Excerpts from recent editorials in newspapers in the United States and abroad as compiled by the Associated Press:
If New Jersey Gov. Chris Christie wants to run for president in 2016 he had better figure out now what to say and do about his considerable extra weight.
Gov. Christie can’t have it both ways. He can’t laugh off the matter of his obesity one day, as he did on David Letterman’s show recently, and snarl about it the next, as he did later when he told a former White House doctor who mentioned his weight to “shut up.”
More than that, here’s hoping Christie actually slims down, as he says he’s trying to do. The doctor who annoyed him, Connie Mariano, was speaking the simple truth when she pointed out that the presidency is a highly stressful job and all those extra pounds could kill him.
Americans presume that a president’s health is their business. They don’t want any big secrets, as there were for FDR and JFK. That’s why later presidents have made public the results of their annual physicals.
Presidents are also, like it or not, role models for good health or bad. President George W. Bush set a good example with is regular jogging; President Barack Obama set a bad example with his covert smoking – let’s hope he’s quit.
About a third of all Americans are obese, carrying an extra 35 pounds or so.
If Christie goes for the Republican presidential nomination in 2016, we can expect a primary battle that is far more honest and intelligent than what we saw last year. And Christie would give any Democrat in the general election, even one named Clinton, a real run for the money.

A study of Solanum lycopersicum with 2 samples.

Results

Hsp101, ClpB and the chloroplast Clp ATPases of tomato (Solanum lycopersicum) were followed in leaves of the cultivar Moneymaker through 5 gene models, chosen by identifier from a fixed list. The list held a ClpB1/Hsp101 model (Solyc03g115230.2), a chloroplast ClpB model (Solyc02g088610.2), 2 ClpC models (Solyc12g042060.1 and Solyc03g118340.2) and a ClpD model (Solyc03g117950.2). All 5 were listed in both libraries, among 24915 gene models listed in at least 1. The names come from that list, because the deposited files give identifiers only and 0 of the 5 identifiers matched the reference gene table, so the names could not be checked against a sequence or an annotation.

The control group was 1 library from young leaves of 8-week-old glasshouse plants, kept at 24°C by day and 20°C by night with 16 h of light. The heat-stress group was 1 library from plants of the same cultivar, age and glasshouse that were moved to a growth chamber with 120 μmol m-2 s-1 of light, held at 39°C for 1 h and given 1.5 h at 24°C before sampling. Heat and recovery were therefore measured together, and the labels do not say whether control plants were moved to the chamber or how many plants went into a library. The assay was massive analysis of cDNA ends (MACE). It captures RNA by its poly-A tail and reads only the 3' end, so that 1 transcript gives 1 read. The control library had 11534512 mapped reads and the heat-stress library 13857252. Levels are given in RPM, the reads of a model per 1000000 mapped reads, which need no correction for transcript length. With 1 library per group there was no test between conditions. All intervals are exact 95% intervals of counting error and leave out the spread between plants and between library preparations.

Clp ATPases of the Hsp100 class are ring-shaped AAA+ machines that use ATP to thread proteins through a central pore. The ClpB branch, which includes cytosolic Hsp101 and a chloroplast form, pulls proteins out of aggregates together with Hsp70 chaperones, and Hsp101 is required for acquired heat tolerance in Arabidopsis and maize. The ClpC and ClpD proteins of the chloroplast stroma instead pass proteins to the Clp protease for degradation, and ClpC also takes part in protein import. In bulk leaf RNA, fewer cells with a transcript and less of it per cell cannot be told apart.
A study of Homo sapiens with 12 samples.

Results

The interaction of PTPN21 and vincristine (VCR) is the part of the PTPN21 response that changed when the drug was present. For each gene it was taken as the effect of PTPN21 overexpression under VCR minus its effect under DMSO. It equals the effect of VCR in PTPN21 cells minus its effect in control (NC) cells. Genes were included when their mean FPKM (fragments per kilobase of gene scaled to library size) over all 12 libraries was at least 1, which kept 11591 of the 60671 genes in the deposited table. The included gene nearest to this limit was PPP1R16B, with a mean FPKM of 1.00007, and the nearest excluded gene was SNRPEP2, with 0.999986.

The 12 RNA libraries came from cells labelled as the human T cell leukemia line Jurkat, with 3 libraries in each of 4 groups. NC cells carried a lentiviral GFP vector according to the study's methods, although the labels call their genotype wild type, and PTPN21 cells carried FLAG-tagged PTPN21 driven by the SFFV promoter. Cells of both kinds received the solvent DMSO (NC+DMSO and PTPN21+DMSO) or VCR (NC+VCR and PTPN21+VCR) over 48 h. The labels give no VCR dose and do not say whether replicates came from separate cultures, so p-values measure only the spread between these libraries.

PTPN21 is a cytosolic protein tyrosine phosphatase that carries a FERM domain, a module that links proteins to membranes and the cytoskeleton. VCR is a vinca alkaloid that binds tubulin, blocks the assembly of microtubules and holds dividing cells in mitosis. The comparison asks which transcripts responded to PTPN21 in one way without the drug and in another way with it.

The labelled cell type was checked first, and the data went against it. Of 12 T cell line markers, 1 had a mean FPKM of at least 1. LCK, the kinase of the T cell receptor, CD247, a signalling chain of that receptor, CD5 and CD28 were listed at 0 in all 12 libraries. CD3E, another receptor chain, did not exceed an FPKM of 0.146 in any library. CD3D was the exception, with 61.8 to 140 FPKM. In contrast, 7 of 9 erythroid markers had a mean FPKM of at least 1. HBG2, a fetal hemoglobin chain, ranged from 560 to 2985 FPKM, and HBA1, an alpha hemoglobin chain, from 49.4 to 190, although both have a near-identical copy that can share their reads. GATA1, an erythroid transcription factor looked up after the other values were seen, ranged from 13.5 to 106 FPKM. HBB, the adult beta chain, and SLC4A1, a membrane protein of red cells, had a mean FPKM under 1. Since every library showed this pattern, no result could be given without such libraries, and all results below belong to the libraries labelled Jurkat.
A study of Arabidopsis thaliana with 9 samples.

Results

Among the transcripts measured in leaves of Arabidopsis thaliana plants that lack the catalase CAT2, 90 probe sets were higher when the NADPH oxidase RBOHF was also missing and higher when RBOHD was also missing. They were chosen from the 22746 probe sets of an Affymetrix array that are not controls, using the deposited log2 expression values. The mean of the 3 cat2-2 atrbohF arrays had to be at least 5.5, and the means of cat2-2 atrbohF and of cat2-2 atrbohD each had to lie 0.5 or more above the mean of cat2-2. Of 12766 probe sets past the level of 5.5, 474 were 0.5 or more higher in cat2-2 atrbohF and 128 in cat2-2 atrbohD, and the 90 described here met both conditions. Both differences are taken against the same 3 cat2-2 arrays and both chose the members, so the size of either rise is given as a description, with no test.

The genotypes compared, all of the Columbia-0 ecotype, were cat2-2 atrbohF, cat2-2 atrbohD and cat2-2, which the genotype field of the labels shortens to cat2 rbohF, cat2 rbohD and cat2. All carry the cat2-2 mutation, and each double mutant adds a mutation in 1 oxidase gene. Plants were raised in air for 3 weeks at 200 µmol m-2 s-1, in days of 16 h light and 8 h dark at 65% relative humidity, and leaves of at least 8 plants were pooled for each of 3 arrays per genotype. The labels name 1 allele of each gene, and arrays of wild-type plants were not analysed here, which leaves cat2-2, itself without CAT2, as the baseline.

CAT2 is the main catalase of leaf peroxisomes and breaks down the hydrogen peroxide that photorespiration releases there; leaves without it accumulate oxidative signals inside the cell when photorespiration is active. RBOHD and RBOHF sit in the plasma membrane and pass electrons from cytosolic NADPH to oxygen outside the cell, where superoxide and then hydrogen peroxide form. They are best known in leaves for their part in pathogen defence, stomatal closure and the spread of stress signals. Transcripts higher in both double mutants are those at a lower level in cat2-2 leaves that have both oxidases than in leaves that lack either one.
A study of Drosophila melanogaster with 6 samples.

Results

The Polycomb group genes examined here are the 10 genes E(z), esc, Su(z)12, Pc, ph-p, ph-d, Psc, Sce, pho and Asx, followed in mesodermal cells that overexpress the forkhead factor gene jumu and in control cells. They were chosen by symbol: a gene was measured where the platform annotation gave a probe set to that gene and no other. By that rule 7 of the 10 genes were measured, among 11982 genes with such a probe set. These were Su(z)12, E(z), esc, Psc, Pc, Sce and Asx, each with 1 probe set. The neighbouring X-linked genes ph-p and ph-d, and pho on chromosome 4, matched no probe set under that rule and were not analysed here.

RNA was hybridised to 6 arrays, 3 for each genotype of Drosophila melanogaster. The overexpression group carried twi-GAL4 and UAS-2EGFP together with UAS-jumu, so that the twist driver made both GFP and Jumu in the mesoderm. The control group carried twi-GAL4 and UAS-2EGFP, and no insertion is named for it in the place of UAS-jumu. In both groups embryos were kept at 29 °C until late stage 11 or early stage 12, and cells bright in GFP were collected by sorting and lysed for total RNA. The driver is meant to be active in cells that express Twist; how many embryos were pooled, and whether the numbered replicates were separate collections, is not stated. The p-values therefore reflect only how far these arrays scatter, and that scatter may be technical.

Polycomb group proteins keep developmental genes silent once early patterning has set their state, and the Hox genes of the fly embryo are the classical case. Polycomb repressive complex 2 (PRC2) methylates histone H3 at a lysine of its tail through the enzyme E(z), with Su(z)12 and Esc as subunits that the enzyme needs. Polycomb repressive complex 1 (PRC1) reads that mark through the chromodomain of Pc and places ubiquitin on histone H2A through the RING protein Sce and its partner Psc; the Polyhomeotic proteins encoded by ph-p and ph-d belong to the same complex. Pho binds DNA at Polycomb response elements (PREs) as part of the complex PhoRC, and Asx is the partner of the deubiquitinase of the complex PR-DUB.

But if the governor is of a mind to run, he would be wise to start now, beginning with a slow jog.
The Pueblo (Colo.) Chieftain
The decision by Pope Benedict XVI to retire at the end of this month shocked many Catholics – and even non-Catholics – around the world.
But the pontiff’s decision is entirely in keeping with his beliefs. He laid the groundwork for the decision years ago, saying popes have the obligation to resign if they can’t carry on.
When he was elected the 265th pope on April 19, 2005 at age 78, he was the oldest pope elected in 275 years and the first German one in nearly 1,000 years. As of Feb. 28, he will become the first pope to resign since 1415.
Conservatives cheered his championing of the pre-Vatican II church and his insistence on tradition, even if it cost the church popularity among liberals. Benedict favored Masses heavy in Latin and the brocaded silk vestments of his predecessors.
It has been obvious to all that the pope has slowed down significantly in recent years, cutting back his foreign travel and limiting his audiences. He now goes to and from the altar in St. Peter’s Basilica on a moving platform to spare him the long walk down the aisle. Occasionally, he uses a cane.
The telescope of history likely will determine how important Benedict XVI has been to the direction of the Catholic Church.
London Evening Standard
North Korea’s latest nuclear weapons test was not unexpected, after weeks of bellicose talk, but it is deeply worrying and destabilizing for peace in the region. It highlights not only the risks to peace posed by the isolated Stalinist state but those of nuclear proliferation.
North Korea is already subject to strict sanctions, which have little effect given its commitment to economic autarchy and its regime’s willingness to impose dire conditions on its people. Even previous thaws in relations, where the US bargained food aid for talks, never led to actual disarmament. It is possible more pressure could be brought to bear through the international financial and insurance industries, targeting North Korean ships. But the only real chance for change is if China, its main ally, can be persuaded to take a harder line. Beijing has been outraged by Pyongyang’s provocative behavior and has condemned the latest test but it fears instability if there were a challenge to the regime. Yet having a neighbor this dangerous and unpredictable is hardly in China’s interests: it must try to rein in this rogue state.